Britain First Leader To Deny Inciting Hatred At Belfast Rally

Britain First Leader To Deny Inciting Hatred At Belfast Rally

The leader of the far-right Britain First group will plead not guilty to charges of inciting hatred during a speech in Belfast, his lawyer said.

Paul Golding, 35, is accused of using threatening, abusive or insulting words at a Northern Ireland Against Terrorism rally outside Belfast City Hall on August 6 last year.

His barrister Richard McConkey confirmed he denied the charges during a brief appearance at Belfast Magistrates’ Court.

Britain First posts anti-Islamic videos on social media.

Its deputy leader Jayda Fransen, 31, faces separate charges relating to the same demonstration.

The organisation has enjoyed added prominence after US President Donald Trump retweeted three unrelated anti-Muslim videos posted by Fransen.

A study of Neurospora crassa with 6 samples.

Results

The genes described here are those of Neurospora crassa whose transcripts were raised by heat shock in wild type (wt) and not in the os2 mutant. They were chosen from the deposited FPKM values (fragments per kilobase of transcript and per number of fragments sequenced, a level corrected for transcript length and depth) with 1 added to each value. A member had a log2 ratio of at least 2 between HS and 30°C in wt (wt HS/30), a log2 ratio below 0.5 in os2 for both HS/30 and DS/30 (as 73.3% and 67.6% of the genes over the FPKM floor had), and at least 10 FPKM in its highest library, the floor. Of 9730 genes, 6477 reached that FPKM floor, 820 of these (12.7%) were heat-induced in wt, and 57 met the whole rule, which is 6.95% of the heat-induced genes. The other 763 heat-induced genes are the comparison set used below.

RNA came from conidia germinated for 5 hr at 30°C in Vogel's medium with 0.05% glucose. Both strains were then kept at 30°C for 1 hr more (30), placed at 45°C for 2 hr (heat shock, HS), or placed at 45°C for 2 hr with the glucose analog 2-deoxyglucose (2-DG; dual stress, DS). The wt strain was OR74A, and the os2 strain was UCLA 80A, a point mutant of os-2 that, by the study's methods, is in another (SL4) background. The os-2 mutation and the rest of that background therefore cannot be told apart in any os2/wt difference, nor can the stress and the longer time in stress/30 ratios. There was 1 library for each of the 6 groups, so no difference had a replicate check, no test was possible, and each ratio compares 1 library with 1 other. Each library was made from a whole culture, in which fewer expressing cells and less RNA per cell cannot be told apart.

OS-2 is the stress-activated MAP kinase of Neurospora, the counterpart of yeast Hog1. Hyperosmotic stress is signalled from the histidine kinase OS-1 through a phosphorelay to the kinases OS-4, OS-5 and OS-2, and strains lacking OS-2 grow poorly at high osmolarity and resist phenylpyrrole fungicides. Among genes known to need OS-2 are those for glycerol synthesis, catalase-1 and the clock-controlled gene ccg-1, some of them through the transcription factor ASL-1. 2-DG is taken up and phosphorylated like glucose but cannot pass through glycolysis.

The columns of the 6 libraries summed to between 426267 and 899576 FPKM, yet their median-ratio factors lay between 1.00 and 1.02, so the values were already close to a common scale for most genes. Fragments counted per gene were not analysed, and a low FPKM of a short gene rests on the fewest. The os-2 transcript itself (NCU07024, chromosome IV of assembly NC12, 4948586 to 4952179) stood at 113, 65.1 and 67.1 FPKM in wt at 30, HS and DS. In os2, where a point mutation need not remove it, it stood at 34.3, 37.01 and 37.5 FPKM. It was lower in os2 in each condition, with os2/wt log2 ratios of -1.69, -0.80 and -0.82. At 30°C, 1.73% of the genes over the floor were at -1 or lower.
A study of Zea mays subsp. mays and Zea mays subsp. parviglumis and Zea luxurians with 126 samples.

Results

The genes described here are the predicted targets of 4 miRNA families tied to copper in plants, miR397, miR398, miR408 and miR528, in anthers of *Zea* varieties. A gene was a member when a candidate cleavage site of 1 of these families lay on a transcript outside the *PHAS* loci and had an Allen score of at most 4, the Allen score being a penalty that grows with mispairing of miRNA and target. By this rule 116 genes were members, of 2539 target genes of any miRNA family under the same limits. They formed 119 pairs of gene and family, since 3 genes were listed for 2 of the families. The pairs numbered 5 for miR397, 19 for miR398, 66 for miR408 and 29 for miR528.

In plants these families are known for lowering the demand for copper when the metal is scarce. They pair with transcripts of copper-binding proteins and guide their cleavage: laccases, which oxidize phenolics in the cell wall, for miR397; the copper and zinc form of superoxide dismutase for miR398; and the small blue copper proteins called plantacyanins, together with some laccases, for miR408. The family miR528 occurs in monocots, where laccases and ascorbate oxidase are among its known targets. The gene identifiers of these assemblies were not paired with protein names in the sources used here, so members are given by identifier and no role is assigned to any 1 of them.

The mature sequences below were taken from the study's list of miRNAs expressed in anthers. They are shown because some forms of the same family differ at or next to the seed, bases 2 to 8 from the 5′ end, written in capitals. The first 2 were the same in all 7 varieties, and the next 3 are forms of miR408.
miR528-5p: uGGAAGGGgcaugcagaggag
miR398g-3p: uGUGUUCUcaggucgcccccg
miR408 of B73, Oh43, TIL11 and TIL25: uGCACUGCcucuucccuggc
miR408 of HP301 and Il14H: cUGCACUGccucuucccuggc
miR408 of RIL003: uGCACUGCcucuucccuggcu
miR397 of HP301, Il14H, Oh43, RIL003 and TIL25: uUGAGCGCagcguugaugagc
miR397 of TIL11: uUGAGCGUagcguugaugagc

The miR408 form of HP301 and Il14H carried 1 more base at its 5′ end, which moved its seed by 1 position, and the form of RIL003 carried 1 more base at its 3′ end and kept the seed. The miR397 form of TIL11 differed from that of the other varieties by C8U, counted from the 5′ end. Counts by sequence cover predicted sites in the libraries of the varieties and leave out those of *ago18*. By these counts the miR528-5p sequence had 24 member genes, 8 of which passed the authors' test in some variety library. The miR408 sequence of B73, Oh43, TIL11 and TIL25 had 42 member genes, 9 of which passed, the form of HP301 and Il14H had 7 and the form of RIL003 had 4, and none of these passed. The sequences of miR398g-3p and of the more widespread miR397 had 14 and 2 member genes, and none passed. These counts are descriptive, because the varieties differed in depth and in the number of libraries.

The group has since boasted that it received hundreds of new membership applications and its Facebook posts were reaching hundreds of thousands more users.

Fransen and Golding’s Twitter accounts have been suspended.

Prime Minister Theresa May has said Mr Trump was wrong to retweet the videos.

Golding, from Beeches Close in Anerley, south-east London, spoke only to confirm he understood the charges during his brief court appearance.

He wore a dark jacket as he stood in the dock in the city centre court.

He faces two charges of using words which were threatening, abusive or insulting and likely to stir up hatred or arouse fear or which were intended to do so.

He addressed a rally organised on the day Irish republican protesters paraded in Belfast to mark the anniversary of internment – detention without trial – being introduced during the Northern Ireland conflict.

A number of police officers provided extra security outside the court.

The case will be reviewed on January 26 and Golding’s trial is due on April 6, the same date Fransen will be tried, district judge Fiona Bagnall said.

Britain First is planning to hold a “Rally for Trump” outside the US Embassy in London when the president holds a working visit to the UK next month.